Not too long ago SSL certificates were mainly a need for eCommerce and anyone accepting credit card payments on their website. But security breaches aren’t just about credit card information and don’t just happen to big companies or banks. The target here is data. Let’s dive in (without getting overly technical) on a short intro to understanding why an SSL certificate builds trust and why google gives kudos for it.  

Understanding SSL

SSL stands for (Secure Sockets Layer) – it’s a part of a standard security protocol that secures communications over a server(website) and web browser(E.g. chrome) using encryption. An SSL certificate encrypts data(I.e., credit card info, username, passwords, etc.) that would usually be sent over server and browsers in plain text(HTTP).  

How encryption works

Encryption is when data in plain text(I.e. credit card number, shipping information) gets converted using an encryption algorithm creating an encryption key(session key). The text then can only be visible when decrypted with the session key that only the receiving server(your website) has.  


The S in Https stands for “secure” meaning all critical information communicated between your website and browser is encrypted.
HTTP(Hyper Text Transport Protocol) + Secure Sockets Layer (SSL)/Transport Layer Security(TLS) + Transmission Control Protocol(TCP)= HyperText Transfer Protocol Secure (HTTPS)

How does an SSL certificate work?

When you purchase an SSL certificate for your website your taking steps to authenticate your online identity. Depending on your host you can either purchase an SSL certificate or get one installed for free. (There are also other services that issue free SSL certificates like Let’s encrypt, though something like this may require a bit more technical knowledge.) Your host will then research your company and validate that all your information matches up with who you say you are. Think of an SSL certificate as your online Id card. Once your SSL certificate is installed, it provides encryption. The encryption then puts a stop to hackers when trying to access the info during communications between computers. If the Hacker is successful at collecting the data, it is in a scrambled form which just appears as mumbo-jumbo aka encrypted data. Example: A new customer is visiting your website. Browser asks your server to identify itself -Your websites shows it’s SSL certificate and session key, information is then transmitted encrypted. Now your new customer can safely input sensitive data that get’s encrypted, and only your website can decrypt and read. Feeling safe yet!? Not to burst anyone’s bubble. But having an SSL certificate installed on your website just means your data is encrypted it does not prevent all other attracts like cross-site scripting( very common in WordPress ) and many other vulnerabilities. But the good news here is that you’re taking the steps to secure your website environment for your customers.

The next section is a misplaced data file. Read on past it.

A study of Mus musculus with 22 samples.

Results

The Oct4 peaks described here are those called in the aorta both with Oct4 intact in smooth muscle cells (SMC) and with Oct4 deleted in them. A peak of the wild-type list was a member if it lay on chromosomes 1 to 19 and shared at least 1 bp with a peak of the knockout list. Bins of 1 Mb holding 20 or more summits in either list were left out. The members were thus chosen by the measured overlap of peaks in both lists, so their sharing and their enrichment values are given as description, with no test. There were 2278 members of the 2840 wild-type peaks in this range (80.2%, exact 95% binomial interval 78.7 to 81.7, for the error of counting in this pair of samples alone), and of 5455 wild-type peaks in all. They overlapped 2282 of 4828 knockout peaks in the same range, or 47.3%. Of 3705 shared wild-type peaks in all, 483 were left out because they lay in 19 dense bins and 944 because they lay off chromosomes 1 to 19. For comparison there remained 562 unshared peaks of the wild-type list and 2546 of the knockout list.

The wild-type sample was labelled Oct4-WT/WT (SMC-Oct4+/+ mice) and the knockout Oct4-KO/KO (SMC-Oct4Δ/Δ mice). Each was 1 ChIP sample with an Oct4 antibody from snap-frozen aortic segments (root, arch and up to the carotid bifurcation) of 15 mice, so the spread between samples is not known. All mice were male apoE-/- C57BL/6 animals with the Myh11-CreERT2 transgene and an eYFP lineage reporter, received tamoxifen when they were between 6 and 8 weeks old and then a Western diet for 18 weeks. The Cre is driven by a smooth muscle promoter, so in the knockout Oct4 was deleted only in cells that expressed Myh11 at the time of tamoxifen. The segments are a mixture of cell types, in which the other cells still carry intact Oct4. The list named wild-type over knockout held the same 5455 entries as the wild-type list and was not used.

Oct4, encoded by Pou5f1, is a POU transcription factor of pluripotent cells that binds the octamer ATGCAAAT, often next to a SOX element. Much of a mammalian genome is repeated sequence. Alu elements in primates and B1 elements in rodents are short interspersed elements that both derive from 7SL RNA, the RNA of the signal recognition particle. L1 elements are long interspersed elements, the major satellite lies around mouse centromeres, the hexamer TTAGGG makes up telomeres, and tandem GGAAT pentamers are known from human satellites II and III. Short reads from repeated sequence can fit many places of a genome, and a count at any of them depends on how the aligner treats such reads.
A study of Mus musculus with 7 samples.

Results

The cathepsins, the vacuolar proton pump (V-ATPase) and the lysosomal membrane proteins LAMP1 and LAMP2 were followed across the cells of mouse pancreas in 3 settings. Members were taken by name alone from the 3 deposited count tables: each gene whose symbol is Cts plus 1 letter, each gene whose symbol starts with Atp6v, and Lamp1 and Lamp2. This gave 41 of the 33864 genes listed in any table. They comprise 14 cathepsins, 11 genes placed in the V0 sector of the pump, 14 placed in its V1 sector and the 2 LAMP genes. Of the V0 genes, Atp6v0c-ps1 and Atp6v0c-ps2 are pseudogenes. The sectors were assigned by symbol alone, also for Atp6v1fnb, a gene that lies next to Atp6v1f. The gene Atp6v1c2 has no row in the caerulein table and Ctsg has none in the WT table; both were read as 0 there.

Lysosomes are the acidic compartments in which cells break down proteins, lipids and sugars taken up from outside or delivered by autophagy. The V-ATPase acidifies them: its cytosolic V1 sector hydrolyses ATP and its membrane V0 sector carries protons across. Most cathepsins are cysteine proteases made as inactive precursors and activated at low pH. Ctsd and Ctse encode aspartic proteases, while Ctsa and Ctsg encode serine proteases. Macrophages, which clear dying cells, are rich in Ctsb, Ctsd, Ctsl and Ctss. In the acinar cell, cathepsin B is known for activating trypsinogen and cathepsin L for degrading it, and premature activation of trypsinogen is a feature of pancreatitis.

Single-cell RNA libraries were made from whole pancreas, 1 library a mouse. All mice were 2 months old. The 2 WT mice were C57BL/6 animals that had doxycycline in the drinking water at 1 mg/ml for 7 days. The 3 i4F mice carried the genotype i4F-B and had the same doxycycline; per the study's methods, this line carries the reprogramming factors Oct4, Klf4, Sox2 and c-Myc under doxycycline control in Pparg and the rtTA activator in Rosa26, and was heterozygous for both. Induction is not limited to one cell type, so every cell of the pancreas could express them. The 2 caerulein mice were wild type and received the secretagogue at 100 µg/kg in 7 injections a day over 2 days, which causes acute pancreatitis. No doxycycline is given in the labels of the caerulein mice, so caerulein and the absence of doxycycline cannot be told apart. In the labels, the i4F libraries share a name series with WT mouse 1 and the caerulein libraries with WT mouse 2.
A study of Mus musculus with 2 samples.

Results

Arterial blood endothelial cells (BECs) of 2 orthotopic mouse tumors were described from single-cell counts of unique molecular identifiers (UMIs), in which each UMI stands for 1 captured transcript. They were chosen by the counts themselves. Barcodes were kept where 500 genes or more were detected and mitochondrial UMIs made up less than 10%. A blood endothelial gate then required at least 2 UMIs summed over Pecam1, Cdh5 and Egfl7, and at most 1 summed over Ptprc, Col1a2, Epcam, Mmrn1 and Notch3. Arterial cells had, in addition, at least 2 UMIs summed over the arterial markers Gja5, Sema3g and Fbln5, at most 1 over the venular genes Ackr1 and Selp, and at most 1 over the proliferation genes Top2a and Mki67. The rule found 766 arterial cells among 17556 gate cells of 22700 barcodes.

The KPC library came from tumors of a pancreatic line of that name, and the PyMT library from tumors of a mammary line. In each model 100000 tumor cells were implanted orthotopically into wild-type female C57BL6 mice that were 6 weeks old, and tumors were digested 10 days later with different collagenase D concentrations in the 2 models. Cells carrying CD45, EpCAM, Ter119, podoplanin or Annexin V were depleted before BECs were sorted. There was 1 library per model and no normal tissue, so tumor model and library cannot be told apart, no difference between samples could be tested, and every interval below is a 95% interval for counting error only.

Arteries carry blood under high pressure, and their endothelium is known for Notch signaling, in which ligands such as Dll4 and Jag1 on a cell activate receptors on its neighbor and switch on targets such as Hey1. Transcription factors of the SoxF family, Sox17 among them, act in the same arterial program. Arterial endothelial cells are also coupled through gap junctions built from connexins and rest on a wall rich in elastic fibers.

Why is Google prioritizing secure websites?

Back in 2014 google announce ( see Google’s blog post here ) that they give a better ranking( SEO benefit ) to secure sites and blacklisting the non-secure sites that are allowing users to input sensitive information (i.e., form fields, credit card fields ).  

Why the SEO boost?

Google has been trying to figure out ways to get more people on-board with security, and by taking these extra steps to secure and verify your website with an SSL certificate, Google sees that you are more invested in your customers and business and therefore are trustworthy. Security builds trust and googles priorities that.  

Secure vs. Non-secure

When you take a look at the address bar you will see either a green padlock and the words Secure next to the website you are browsing. If the site is not secure, you’ll see a red x and the words “Not secure” in the address bar.     non-secure connection non-secure-connection Yeah, it looks terrible. Next, learn how to install an SSL certificate and common errors after an install.